Bell Curve The Law Talking Guy Raised by Republicans U.S. West
Well, he's kind of had it in for me ever since I accidentally ran over his dog. Actually, replace "accidentally" with "repeatedly," and replace "dog" with "son."

Tuesday, January 05, 2010

Farewell to Iceland

So Iceland's President vetoed the "IceSave" package to repay some of the debts owed to the UK, Netherlands, and others. An LSE Economist made the odd comment that Iceland might go "bankrupt." Of course, countries can't go bankrupt. This means some sort of default might be possible. But there are still other possibilities.

Until 1949, Newfoundland was not part of the Canadian Confederation, but was an independent Dominion like NZ or Australia. In 1933, with Newfoundland unable to pay its debts, the British government essentially cancelled Newfoundland's independence and created a commission to pursue its constitutional future. After WWII, Newfounldand was offered a chance to return to independence ("responsible government" it was called) or continue the commission government for another 5 years. At length, a third option was added: joining Canada. In 1948, Newfoundland voted to join Canada (and have Canada take over its debts).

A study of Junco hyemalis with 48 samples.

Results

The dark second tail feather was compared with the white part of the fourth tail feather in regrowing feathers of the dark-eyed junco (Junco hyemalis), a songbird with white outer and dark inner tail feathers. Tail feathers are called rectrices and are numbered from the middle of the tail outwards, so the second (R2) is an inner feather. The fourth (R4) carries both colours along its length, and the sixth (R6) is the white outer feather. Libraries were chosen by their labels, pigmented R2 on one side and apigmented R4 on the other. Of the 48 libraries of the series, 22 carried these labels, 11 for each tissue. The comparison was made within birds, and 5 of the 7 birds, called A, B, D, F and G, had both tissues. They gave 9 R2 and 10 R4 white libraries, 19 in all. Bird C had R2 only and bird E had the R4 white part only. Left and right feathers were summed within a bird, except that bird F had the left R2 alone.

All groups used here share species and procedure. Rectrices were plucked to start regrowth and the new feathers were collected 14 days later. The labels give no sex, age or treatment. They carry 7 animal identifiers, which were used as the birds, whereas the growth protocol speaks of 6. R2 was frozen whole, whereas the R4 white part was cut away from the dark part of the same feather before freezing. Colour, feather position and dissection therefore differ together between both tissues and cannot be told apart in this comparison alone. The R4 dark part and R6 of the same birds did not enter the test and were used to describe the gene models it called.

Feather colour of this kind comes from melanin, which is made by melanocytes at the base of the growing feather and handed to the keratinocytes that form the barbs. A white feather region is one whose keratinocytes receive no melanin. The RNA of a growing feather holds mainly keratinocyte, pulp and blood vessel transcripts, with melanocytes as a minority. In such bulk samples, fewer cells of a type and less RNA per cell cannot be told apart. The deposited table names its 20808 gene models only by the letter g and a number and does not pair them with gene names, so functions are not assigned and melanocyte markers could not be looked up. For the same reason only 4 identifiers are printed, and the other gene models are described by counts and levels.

Could Iceland go the way of its North Atlantic neighbor and rejoin, say, Norway?

1 comment:

Raised By Republicans said...

Actually, Iceland's most recent colonial relationship was with Denmark, not Norway. Norway hasn't exercised sovereignty over Iceland since the 14th century and I would doubt that Norwegian kings ever had must more than nominal control anyway. Iceland you have to remember was settled to avoid Norwegian royal power.

But historical nonsense aside, Iceland has applied for membership in the EU and will almost certainly formally join the EU within a year or two. Iceland has been a member of the European Economic Area (an organization for countries to join the EU's free trade area without actually joining the EU). Of course, while aid is available, the EU will not assume the debts of its members.